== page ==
Everything virtual about it

Harish Krishnamurthy

Ever-rising amounts of data have resulted in CIOs grappling with issues related to storage management. In 2000, the University of California conducted a survey, which indicated that by 2003, 85 percent of information would be stored magnetically. The actual number in 2003 was 95 percent.

With data growing exponentially, the economics of storage management has gained top priority in organizations. Avers Phil Sargent, Research Director, Gartner Asia-Pacific, "Every day more storage is being deployed in SAN and NAS. As storage software mechanisms mature, the importance of utilization will come to the fore."

No SAN should be an island

Until recently, nearly all SANs in the enterprise had to be built using the storage platform supplied by a single vendor. Explains Harish Krishnamurthy, Director Marketing, Asia Pacific, pSeries, IBM, "In large organizations this has resulted in many different SAN islands being created, with each department using its own set of tools, often by its own support team.

When you look at this trend, storage management is likely to be very much in demand as organizations seek to employ tiered storage systems and information or data lifecycle management (ILM/DLM) techniques to run applications and host data on systems that match the business value of those systems."

Virtualization today

Where does storage virtualisation stand as of now? Opines Sargent, "Storage virtualisation is at the peak of the hype cycle, but one needs to realise that it is a valuable technique. For storage virtualisation to be effective, it has to be implemented at multiple levels."

Companies are trying to develop management software that can tap into any kind of hardware from any vendor and customise itself. This generally entails creating software that divides servers and storage systems into fine partitions, and then layering management software on top of these boxes.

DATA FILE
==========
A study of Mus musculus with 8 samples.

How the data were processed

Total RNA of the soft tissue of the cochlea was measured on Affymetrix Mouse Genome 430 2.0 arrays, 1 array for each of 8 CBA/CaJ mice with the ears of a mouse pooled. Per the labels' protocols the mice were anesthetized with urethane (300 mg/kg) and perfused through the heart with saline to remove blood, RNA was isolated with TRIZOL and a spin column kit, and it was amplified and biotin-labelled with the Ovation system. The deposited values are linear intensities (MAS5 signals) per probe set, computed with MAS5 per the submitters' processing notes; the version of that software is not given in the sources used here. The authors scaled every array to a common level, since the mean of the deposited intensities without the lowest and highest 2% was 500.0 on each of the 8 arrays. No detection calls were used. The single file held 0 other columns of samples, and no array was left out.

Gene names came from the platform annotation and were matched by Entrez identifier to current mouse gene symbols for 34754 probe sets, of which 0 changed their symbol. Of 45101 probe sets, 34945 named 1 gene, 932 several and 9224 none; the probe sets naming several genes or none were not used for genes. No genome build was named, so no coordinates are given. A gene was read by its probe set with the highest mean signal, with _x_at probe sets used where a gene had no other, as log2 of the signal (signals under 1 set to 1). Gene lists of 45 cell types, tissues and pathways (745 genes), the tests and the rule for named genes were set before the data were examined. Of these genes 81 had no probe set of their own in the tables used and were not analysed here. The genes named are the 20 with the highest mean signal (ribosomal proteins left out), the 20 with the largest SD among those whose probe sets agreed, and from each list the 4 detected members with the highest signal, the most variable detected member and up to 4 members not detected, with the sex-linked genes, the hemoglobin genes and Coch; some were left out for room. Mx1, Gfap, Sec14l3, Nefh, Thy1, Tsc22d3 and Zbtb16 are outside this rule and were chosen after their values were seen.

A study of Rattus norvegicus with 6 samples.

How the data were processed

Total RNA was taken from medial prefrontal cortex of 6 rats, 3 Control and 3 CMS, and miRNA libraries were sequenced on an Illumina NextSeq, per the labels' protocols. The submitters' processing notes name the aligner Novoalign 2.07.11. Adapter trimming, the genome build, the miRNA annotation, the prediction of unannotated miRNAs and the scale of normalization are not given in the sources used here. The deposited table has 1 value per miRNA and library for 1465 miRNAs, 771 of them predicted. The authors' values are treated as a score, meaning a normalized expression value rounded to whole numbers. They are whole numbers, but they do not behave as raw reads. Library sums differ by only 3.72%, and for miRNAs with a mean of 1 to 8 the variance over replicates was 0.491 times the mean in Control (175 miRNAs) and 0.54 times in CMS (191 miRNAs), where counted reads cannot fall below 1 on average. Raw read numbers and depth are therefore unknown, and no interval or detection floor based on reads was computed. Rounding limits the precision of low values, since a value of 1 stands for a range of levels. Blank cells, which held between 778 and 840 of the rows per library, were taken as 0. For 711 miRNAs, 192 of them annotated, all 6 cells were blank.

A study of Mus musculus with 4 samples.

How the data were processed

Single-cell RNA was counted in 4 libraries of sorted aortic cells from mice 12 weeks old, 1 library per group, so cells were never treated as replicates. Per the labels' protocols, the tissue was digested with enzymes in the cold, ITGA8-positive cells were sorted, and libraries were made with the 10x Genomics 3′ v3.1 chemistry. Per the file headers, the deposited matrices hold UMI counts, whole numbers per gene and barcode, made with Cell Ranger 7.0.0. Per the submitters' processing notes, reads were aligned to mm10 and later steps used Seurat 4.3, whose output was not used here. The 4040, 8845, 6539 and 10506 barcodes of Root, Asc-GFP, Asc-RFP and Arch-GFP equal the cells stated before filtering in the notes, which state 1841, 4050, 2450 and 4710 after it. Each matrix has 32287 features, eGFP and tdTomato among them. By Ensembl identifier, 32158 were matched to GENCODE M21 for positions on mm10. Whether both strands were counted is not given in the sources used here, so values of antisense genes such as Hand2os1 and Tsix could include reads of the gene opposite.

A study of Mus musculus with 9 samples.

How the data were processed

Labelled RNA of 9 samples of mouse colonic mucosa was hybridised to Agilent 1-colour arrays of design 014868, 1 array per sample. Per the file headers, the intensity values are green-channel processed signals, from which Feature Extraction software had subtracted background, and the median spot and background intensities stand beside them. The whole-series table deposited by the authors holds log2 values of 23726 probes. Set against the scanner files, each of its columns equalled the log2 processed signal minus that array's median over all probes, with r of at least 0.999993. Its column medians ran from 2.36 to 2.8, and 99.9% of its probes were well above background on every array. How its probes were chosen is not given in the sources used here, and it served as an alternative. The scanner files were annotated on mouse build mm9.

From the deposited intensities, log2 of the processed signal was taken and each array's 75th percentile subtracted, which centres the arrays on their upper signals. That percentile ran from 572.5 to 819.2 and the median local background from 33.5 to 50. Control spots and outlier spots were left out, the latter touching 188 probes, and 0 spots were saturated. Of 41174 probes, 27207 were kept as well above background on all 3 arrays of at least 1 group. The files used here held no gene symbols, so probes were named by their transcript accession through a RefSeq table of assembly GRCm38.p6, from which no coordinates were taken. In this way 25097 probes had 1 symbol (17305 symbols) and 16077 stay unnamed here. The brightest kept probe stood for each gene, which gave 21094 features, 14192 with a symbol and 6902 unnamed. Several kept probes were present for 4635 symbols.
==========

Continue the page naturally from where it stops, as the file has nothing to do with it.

Managing costs

Phil Sargent

The costs associated with storage have to be managed. Says Sargent, "If a CIO is quizzed on the amount of storage that is actually used, he will be dumbfounded to know that a huge amount of storage goes waste due to faulty storage management."

A suggestion to overcome this problem is to follow a tiered storage model. Says Krishnamurthy of IBM, "Another way is to look at the convergence of storage servers, wherein two storage systems within a single array are used, thereby reducing the price per megabyte."

What aspects should a CIO look at in the future to leverage existing storage infrastructure? Advises Sargent, "Companies should look at creating an extensible storage network topology, and also look at adopting an ILM strategy to suit their needs. Security aspects need to be minutely looked into in today's storage environment. The myth that storage is associated with backup is a misnomer."